The THC content of marijuana has shot up dramatically since the 1960s, from 2% to 10%, according to health-care advocates. (Adobe stock)
 By Diane Bernard, Public News Service - VA - Producer, Contact
April 6, 2021

Correction: The Colorado General Assembly is still considering legislation to cap THC potency for marijuana products. An earlier version incorrectly said it was not.

RICHMOND, Va. -- As Virginia Gov. Ralph Northam proposes fast tracking marijuana legalization to July 1, health-care advocates are concerned high-potency cannabis products will harm the health of Virginians, particularly young people.

Jonathan Lee, medical director for addiction treatment facility the Farley Center in Williamsburg, said multiple studies show a link between high-potency marijuana and adverse reactions including anxiety disorders, depression and even psychotic episodes.

He said the National Institute on Drug Abuse finds 9% to 10% of people who use marijuana regularly will become physically dependent on it and experience withdrawal symptoms.

"This actually goes up dramatically when teenagers or young adolescents are using cannabis," Lee explained. "It goes up to about 17% of teenagers who use cannabis, particularly on a daily basis, will develop a substance-use disorder to cannabis."

He noted pot potency is much higher now than decades ago, and is concerned the impact of marijuana use today on Virginians will be worse than in the past, especially for young people whose brains are still developing.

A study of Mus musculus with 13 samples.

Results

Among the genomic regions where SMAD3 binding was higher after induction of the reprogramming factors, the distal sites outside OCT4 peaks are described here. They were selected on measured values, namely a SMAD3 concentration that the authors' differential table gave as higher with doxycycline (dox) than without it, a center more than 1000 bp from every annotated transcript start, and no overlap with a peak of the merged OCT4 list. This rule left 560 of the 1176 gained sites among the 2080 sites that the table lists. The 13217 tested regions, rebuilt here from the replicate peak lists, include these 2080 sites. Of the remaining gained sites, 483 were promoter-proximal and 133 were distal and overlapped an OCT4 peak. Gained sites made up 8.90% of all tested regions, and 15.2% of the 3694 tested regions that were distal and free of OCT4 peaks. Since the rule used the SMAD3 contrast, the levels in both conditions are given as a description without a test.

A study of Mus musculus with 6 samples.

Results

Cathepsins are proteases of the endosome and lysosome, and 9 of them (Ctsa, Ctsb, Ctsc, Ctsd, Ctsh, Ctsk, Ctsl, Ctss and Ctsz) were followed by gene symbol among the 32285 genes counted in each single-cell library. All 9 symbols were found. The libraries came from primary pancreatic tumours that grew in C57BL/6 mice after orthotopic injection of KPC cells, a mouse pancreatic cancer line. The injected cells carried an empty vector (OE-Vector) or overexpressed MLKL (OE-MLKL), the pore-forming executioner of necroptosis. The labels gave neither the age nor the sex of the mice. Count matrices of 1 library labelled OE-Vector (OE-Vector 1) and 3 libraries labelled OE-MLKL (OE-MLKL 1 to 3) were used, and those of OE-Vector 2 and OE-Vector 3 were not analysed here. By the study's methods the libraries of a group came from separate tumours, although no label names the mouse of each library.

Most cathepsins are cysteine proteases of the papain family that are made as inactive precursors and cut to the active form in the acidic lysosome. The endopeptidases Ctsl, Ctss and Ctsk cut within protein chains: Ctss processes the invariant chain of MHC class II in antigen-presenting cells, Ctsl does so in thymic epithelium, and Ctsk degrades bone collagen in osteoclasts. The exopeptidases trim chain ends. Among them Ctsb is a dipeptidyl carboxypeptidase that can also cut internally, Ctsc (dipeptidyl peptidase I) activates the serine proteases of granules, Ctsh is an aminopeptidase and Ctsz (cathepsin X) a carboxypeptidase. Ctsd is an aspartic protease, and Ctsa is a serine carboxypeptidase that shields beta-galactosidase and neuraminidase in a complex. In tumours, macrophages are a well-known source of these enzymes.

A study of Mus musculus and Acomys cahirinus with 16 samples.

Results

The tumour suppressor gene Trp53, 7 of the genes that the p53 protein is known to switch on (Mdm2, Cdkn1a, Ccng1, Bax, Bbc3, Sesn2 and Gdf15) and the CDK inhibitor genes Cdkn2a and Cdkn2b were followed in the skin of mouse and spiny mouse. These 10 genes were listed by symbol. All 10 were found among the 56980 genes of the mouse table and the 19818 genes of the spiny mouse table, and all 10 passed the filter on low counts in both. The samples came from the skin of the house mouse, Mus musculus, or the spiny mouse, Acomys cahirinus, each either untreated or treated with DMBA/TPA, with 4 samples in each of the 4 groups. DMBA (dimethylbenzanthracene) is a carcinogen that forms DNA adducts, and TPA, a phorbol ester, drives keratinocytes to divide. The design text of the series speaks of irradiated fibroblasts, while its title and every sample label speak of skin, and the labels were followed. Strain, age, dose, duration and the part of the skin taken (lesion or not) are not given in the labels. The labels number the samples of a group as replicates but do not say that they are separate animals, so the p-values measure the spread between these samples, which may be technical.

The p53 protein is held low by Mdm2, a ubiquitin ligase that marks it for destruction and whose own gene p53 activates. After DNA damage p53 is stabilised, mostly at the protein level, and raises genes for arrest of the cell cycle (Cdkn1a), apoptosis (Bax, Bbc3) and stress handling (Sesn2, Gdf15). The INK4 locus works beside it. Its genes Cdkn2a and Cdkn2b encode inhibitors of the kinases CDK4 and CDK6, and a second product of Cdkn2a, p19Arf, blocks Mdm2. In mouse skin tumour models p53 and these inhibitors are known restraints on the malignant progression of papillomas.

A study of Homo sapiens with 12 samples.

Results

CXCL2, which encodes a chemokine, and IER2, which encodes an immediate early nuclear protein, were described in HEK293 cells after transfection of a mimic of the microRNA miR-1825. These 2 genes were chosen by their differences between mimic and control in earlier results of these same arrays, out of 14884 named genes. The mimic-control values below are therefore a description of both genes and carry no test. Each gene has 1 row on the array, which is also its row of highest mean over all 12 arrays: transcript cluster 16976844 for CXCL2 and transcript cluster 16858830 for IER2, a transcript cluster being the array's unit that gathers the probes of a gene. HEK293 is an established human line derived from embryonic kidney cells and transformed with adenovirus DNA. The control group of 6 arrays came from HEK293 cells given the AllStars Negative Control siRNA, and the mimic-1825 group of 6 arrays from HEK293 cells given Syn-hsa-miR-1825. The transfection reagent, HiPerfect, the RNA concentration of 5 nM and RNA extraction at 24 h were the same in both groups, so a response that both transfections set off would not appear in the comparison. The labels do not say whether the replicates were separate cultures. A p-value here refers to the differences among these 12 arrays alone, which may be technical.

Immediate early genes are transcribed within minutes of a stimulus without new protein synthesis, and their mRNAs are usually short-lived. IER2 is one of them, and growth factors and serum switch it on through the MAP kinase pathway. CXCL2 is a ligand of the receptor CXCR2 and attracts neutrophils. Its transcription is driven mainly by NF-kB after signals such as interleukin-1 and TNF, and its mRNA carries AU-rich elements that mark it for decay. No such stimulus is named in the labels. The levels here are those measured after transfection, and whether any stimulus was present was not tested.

Proponents of marijuana use say it helps with relaxation and symptoms of post-traumatic stress disorder.

Lee said Virginians need to be aware other hazards of marijuana products with high levels of THC, the main psychoactive part of cannabis, include dangers around small children eating cakes or candies made with the drug.

However, he thinks it's important to lower the potency to address those concerns but decriminalize marijuana so folks struggling with substance-abuse disorders aren't penalized and put into the criminal-justice system.

"The thought from the American Society of Addiction Medicine is that these people deserve to either have screenings looking to see if they might have other substance-use disorders including cannabis, and to have the education, prevention and treatment that should be available to the general population."

Four state legislatures are proposing state-level caps on potency levels of THC, including Florida, Massachusetts and Washington. A potential bill in Colorado never made it to the Legislature because it triggered a backlash with pro-marijuana advocates claiming caps can lead to a return to prohibition. But Colorado lawmakers are still discussing the issue.